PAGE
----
In UCLA Law’s Alumni Spotlight, we talk to our amazing alumni to hear what they do, how they make a difference, and what their UCLA Law experience means to them.
This month, we feature Michelle Banks ’88, a Senior Advisor at BarkerGilmore, where she specializes in executive leadership coaching for women general counsel. Mentorship has been a constant in Banks’ career and has informed her close connection to UCLA Law for nearly a decade as co-founder and co-chair of UCLA Law Women LEAD since 2014 and, more recently, as a member of the advisory board for the Lowell Milken Institute for Business Law & Policy where she supports the Institute’s annual Program on Professional Development. Banks was honored as a UCLA Law Alumni of the Year in 2016 and, in 2019, received the ABA’s prestigious Margaret Brent Women Lawyers of Achievement Award, which honors women lawyers who have achieved professional excellence and paved the way for other women in the profession.
Can you tell us about your law career?
I was a corporate associate at Sheppard Mullin and then Morrison & Foerster. While at Morrison & Foerster, I spent a year in-house working with one of our clients and I liked it, so I decided eventually to go in-house full time. I worked for the Golden State Warriors for four seasons and then for Gap Inc., where I spent 17 years, the last decade as Global General Counsel. Working in-house suited me because I like being part of a collaborative team and problem-solving. Although I particularly enjoyed participating in moot court in law school, I was never drawn toward adversarial aspects of law practice.
It's hard to imagine anything more collaborative than UCLA Law Women LEAD.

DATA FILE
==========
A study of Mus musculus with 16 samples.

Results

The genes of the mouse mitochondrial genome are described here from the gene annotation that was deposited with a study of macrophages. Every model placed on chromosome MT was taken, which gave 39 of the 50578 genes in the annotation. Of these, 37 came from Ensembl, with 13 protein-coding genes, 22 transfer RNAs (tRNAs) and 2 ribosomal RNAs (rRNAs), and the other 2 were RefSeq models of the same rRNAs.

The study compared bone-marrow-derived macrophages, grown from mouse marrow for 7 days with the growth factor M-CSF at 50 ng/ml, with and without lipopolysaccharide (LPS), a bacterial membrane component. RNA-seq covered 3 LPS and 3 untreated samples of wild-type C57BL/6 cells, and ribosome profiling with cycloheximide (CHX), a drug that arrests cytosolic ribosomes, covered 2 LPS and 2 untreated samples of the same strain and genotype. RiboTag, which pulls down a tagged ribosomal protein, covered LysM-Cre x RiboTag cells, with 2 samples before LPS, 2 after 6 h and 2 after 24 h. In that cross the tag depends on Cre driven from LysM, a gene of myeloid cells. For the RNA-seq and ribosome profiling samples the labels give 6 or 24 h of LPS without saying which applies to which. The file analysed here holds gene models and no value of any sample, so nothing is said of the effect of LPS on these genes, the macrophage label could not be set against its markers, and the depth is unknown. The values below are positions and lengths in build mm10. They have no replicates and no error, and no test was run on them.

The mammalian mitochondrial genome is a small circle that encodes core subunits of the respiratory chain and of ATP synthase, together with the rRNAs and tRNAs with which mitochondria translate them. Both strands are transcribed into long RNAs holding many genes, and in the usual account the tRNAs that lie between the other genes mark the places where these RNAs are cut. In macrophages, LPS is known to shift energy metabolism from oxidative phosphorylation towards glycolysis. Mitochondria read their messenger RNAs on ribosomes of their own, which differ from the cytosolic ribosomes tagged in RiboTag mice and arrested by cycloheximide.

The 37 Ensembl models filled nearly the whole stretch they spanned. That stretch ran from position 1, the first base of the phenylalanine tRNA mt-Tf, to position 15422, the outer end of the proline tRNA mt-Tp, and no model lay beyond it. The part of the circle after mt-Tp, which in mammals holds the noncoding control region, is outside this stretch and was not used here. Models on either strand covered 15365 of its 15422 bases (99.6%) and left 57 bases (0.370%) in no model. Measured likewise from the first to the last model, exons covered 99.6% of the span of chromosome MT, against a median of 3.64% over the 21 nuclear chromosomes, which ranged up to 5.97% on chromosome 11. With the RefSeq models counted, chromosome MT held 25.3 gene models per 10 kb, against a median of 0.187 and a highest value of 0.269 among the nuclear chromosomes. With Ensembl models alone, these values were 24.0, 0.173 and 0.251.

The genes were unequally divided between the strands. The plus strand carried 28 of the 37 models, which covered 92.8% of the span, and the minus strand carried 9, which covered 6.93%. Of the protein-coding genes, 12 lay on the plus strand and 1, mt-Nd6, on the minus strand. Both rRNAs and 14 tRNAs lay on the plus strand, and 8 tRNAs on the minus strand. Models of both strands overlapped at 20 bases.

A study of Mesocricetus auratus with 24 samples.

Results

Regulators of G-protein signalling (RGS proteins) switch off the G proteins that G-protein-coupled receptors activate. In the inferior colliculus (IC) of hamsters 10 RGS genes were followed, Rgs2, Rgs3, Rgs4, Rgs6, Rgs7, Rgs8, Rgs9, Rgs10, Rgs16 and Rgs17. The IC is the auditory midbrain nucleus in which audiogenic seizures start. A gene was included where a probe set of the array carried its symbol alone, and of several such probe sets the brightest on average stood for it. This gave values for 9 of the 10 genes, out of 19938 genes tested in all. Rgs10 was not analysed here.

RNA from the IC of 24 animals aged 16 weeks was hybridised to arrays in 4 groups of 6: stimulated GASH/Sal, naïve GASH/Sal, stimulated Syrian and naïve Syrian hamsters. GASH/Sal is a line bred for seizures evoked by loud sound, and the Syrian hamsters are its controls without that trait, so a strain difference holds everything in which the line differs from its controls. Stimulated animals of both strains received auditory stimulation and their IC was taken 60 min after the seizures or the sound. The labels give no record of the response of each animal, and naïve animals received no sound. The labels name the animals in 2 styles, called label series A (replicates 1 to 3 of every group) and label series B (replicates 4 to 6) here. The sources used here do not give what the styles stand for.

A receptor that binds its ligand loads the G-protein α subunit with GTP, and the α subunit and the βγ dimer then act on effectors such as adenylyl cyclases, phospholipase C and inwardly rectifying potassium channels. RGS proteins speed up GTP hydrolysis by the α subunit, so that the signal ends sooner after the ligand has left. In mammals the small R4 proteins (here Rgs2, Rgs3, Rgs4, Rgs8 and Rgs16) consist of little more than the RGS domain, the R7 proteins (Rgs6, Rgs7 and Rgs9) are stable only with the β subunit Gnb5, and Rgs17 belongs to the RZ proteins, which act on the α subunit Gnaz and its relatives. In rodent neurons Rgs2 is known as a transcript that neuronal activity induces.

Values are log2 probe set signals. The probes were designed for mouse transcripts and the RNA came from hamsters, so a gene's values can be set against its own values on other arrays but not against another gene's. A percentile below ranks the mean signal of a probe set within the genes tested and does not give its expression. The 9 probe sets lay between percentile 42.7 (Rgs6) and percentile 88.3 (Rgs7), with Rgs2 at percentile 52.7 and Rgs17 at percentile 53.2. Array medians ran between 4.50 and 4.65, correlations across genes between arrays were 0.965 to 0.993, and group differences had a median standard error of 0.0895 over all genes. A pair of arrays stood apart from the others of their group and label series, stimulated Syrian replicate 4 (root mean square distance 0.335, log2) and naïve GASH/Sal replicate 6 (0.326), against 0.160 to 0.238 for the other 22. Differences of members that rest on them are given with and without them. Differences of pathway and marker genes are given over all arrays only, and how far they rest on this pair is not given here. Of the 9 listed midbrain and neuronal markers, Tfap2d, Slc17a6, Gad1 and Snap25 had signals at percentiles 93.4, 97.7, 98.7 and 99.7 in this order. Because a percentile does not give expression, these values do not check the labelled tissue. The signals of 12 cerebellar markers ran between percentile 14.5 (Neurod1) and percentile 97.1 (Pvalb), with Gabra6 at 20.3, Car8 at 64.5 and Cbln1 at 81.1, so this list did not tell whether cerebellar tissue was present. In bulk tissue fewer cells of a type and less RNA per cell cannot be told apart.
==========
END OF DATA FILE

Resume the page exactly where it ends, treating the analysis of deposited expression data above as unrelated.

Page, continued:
True! Nancy Abell ‘79, an employment litigator at Paul Hastings, has been an incredible co-founder and co-chair of LEAD. I'm amazed at Nancy’s energy and generosity, and I’ve learned a lot from her. She has become a valued mentor and dear friend. We are both very pleased that the LEAD network has grown in to a community of more than 3,400 women located in 59 countries.
How long have you been doing that?
I signed up to co-chair for five years and it’s been eight! I love LEAD, a powerful network of women, and I plan to stay involved, but it’s time for a fresh leadership perspective. Kris Cheh Beck ’99 will become LEAD co-chair on May 1st and I couldn’t be more thrilled. Kris is a strategic and inclusive leader. (See our interview with Kris Cheh Beck from the law school’s 2021 magazine here. — Ed.)
Tell us about your new book.
I’ve written a chapter in an anthology, Women in Law Discovering the True Meaning of Success. Angela Han, an in-house lawyer, life coach, and podcast host gathered 22 other women lawyers to share our career journeys and advice. The book shows there are a lot of different ways to achieve success in life as a woman who graduated from law school. No two stories are the same. We hope sharing our stories will inspire women considering or attending law school and be of interest to lawyers across genders and stages of their careers.
In your volunteer work for the law school and your book, you’re making investments in the future of your profession. What’s your vision for the changes you're hoping to see?
I hope to see more equity in terms of opportunity, promotion, and compensation from both a gender and race perspective. The legal profession will be more effective when more people are included and treated equitably at every level. And, yes, I'm optimistic!